Uncertainty (and the certainty of Wikileaks coming to your organisation soon)


The introduction to a blog post by Charlie Beckett about the US State Department’s dilemmas and dealings with the Wikileaks affair more or less articulates something I’ve been mulling recently: how can organisations respond to some of the more extreme effects of the web:

Authority hates uncertainty. Big business and government feel safest when life is predictable and stable. Change implies a risk that your grip on power will be weakened. And unexpected change is the worst kind of all. But if uncertainty is permanent, can systems adapt?

A state department official, speaking at Polis under Chatham House rules, described the impact of Wikileaks on the delicate art of diplomacy:

The State Department official told us that Wikileaks reveals the brittleness of the balance between necessary secrecy of government and the freedom of the press. He said, memorably, that WikiLeaks was like ‘a cartoon grand piano dropped down upon that arrangement’. A lot of noise and not a little chaos.

The post moves on to make some excellent points about networks and the implications of a networks world…

The Internet is more powerful at amplifying political forces because it connects personal, mass and economic communication networks to one connected communications system – the Internet. This makes these networks more powerful but also more complex, vulnerable and unstable. Whether its WikiLeaks or Wael Ghnomin on Facebook, The Internet is the Uncertainty Principle in Global Relations.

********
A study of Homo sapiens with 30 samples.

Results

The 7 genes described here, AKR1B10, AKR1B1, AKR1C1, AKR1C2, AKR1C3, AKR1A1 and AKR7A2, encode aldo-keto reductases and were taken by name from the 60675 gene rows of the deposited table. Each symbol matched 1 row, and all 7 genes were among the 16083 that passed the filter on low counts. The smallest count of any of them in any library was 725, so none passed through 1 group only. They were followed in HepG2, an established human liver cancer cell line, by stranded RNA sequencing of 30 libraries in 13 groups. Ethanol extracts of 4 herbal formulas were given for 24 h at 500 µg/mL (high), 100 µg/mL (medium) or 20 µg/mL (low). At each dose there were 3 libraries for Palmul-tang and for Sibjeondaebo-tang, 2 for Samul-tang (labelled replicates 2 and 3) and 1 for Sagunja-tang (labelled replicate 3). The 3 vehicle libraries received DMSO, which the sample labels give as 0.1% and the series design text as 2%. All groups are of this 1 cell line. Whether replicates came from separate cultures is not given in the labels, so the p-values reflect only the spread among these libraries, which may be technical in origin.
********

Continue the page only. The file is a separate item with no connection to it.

The disruptive effects of the web – the revealed complexity of networks, the speed things spread, that edge ideas move to the mainstream, the altered balances of knowledge and power between individuals and groups – are being seen first in international relations and politics, but it is coming to commercial life too (just ask Bank of America).

Wikileaks may be the prime agent of disruption at the US State Department right now, but it is a manifestation of bigger trend, or set of trends – transparency, web-enabled activist networks, distrust of politicians – rather than the whole story in and of itself. There are other organisations like WIkileaks, they just haven’t made the headlines yet. As for the tools to be able to do what Wikileaks has done – well they are available to anyone.

Privacy and private information – be it your own, or your organisations – is effectively at the mercy of anyone who cares to consider hacking it and making it available. Many people see a public interest case in shining a light on US diplomacy.

Many will see the same case for exposing the workings of large corporations. But how about smaller ones? How about NGOs? How about every single company and local government department? How about patient records? How about your own personal email, social network and bank accounts?

Well, there’s a whole other set of blog posts to be made about the forces that unleashed Wikileaks being taken to their logical conclusions, but what is to be done in preparation? The case studies that are discussed around crisis communications and social media for instance are the often told instances customer revolt and revolting employees. Maybe communicators should be stretching themselves a little and thinking through the implications of when Wikileaks comes to their town.

Immediately we cannot guarantee a secret, the issue becomes about how we do openness, how we do business. The Uncertainty Principle sounds ironically like an organising principle for communications, brand and indeed wider business strategy. Going back to Charlie Beckett’s post, we have to wean our organisations off of certainties if they are to adapt to the complexity of the modern world.